Listen in or read the partial transcription below as Allison Porter, MD, FACS discusses hiatal hernias, gastroesophageal reflux disease, and the possible treatment options for both.

Allison Porter, MD, FACS serves as the Chief of Surgery for Skagit Regional Health. She is a General Surgeon with specialty training in minimally invasive surgery and robotic surgery.

Partial transcription:

Caitlin Whyte (Host): Chest pain, bloating and burping can all be signs of a hiatal hernia. But what exactly is that? Joining us today to discuss hiatal hernias and gastroesophageal reflux disease is Dr. Allison Porter, a General Surgeon with specialty training in minimally invasive surgery and robotic surgery at Skagit Regional Health. Welcome to Be Well, the podcast from Skagit Regional Health. I'm your host, Caitlin Whyte. Doctor, to kickoff, our conversation here. What is a hiatal hernia?

Dr. Porter Skagit Regional Health

Allison Porter, MD, FACS: Sure. So the definition of a hiatal hernia is when a portion of the stomach rises above the diaphragm. And the diaphragm is a very large muscle that extends all the way across the body. And every time you breathe, it moves down to help your lungs expand. And then it moves back up again to help you exhale. And it has a natural hole called the hiatus, and that is so the esophagus can pass through the diaphragm to carry food from your mouth down to your stomach. And the stomach's natural position is below the diaphragm. But for many people, a little bit, or sometimes a lot of the stomach will start rising up above the diaphragm, basically due to various pressures or tissue breakdown. And when that happens, it's called a hiatal hernia.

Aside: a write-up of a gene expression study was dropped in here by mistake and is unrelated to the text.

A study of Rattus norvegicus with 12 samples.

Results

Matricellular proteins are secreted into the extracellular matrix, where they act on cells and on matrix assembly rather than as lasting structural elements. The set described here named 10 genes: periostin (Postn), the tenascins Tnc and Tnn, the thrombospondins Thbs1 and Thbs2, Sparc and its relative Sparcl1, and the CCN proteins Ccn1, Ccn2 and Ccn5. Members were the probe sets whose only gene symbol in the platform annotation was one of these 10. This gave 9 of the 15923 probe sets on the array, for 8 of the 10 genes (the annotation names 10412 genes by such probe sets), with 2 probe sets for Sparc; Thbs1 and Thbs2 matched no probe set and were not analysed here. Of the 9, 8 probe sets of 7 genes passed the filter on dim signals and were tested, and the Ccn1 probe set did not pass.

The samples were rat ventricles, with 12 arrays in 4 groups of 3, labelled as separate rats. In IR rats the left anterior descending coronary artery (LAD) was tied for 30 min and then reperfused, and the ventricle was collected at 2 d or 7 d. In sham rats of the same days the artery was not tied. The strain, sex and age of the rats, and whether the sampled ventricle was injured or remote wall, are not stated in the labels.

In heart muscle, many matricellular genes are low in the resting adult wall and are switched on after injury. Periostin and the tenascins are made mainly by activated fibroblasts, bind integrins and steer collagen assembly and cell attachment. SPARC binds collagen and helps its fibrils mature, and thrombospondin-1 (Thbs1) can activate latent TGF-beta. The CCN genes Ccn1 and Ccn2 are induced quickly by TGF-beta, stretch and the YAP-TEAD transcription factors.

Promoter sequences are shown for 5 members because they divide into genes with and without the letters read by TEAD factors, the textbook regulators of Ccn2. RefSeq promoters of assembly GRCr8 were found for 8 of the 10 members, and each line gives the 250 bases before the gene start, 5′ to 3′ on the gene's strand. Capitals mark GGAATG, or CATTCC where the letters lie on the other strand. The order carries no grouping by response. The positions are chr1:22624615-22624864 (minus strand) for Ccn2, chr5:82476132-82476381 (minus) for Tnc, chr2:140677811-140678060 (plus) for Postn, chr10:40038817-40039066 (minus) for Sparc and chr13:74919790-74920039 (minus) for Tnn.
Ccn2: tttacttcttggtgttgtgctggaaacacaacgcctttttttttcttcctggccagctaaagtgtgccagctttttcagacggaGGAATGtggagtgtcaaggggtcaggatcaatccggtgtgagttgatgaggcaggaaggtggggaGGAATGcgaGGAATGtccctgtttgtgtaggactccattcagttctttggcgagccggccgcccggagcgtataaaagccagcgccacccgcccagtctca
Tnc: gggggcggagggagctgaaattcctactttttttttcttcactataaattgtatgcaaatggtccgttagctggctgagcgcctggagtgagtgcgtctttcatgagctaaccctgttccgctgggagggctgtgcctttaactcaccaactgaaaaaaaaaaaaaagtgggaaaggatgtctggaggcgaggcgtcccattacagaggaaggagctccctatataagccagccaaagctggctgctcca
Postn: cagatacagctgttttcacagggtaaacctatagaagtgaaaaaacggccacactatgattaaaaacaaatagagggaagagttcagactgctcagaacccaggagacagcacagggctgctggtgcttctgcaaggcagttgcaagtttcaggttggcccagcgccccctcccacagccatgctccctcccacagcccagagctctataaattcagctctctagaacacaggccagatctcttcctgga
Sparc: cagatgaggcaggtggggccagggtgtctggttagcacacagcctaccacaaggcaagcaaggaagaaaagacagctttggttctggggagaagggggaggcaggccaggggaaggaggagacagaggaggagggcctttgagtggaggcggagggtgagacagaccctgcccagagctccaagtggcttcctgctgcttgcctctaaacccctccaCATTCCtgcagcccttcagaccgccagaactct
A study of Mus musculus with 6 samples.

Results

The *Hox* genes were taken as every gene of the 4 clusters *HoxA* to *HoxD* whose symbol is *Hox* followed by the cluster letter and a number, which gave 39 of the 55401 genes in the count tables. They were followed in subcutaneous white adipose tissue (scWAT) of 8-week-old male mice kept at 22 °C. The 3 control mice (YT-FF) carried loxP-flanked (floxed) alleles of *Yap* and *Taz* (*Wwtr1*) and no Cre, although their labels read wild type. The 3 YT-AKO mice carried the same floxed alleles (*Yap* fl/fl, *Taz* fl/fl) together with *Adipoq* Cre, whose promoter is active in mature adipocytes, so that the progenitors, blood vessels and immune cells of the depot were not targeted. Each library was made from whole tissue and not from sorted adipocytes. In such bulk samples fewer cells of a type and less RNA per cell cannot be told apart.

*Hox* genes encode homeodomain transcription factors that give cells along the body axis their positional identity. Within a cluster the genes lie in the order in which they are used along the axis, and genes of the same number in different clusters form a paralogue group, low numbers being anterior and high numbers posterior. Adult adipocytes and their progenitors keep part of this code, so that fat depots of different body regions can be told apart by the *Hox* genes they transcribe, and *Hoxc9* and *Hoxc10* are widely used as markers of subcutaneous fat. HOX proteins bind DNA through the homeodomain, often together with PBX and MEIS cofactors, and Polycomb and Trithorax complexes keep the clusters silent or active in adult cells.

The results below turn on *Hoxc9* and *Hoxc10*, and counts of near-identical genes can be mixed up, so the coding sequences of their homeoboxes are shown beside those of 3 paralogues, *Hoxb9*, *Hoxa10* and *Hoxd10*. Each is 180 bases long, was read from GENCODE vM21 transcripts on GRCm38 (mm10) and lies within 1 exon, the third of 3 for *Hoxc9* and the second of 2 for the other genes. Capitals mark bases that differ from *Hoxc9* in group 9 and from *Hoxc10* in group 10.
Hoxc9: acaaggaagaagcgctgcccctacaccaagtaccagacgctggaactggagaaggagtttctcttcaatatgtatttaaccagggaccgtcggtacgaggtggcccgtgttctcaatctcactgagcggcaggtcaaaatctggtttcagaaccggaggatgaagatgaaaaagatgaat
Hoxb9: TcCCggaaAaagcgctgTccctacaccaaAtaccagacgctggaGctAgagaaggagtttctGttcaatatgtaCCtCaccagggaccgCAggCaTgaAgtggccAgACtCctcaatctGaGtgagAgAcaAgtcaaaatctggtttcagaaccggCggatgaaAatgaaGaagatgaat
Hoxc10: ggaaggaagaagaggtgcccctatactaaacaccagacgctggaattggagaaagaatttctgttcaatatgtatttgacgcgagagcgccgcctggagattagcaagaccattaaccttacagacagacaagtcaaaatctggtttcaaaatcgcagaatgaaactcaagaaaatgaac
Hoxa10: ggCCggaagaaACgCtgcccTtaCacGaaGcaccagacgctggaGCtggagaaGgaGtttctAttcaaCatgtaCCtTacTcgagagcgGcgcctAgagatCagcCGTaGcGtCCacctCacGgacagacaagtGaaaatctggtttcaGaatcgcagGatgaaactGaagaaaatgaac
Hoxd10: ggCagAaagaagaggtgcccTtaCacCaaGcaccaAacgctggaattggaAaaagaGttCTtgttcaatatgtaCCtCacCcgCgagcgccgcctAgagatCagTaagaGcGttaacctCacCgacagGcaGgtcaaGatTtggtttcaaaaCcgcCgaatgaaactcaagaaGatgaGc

Host: And then how is this different from gastroesophageal reflux and what is that condition?

Dr. Porter: So they're related and gastroesophageal reflux is when food, liquid or acid from the stomach washes backward up into the esophagus. And it's actually normal for everybody to have a little bit of that gastroesophageal reflux. But for some people, it happens more than it's supposed to. And that's when they'll get symptoms that require treatment. And the way they're related to a hiatal hernia is, when the stomach is in its appropriate position below the diaphragm, then the muscles of the stomach, esophagus and diaphragm are all lined up.

So the junction, which is called the gastroesophageal junction, it works as a one-way valve or it's supposed to. So food and liquid can go down, but then food, liquid, and acid don't go backward from the stomach back up into the esophagus. So when someone gets a hiatal hernia, then those muscles aren't lined up appropriately anymore. And the one way valve starts being more like a two way valve where that food, liquid, acid can kind of go both directions. And the esophagus isn't really made to tolerate a large amount of acid going backward. And when food goes backward, then sometimes it goes all the way up the esophagus and ends up in someone's mouth or throat. And so the gastroesophageal reflux is just the situation in which these things are going backwards when they're not supposed to be.

To listen to the podcast or read the full transcript, visit here.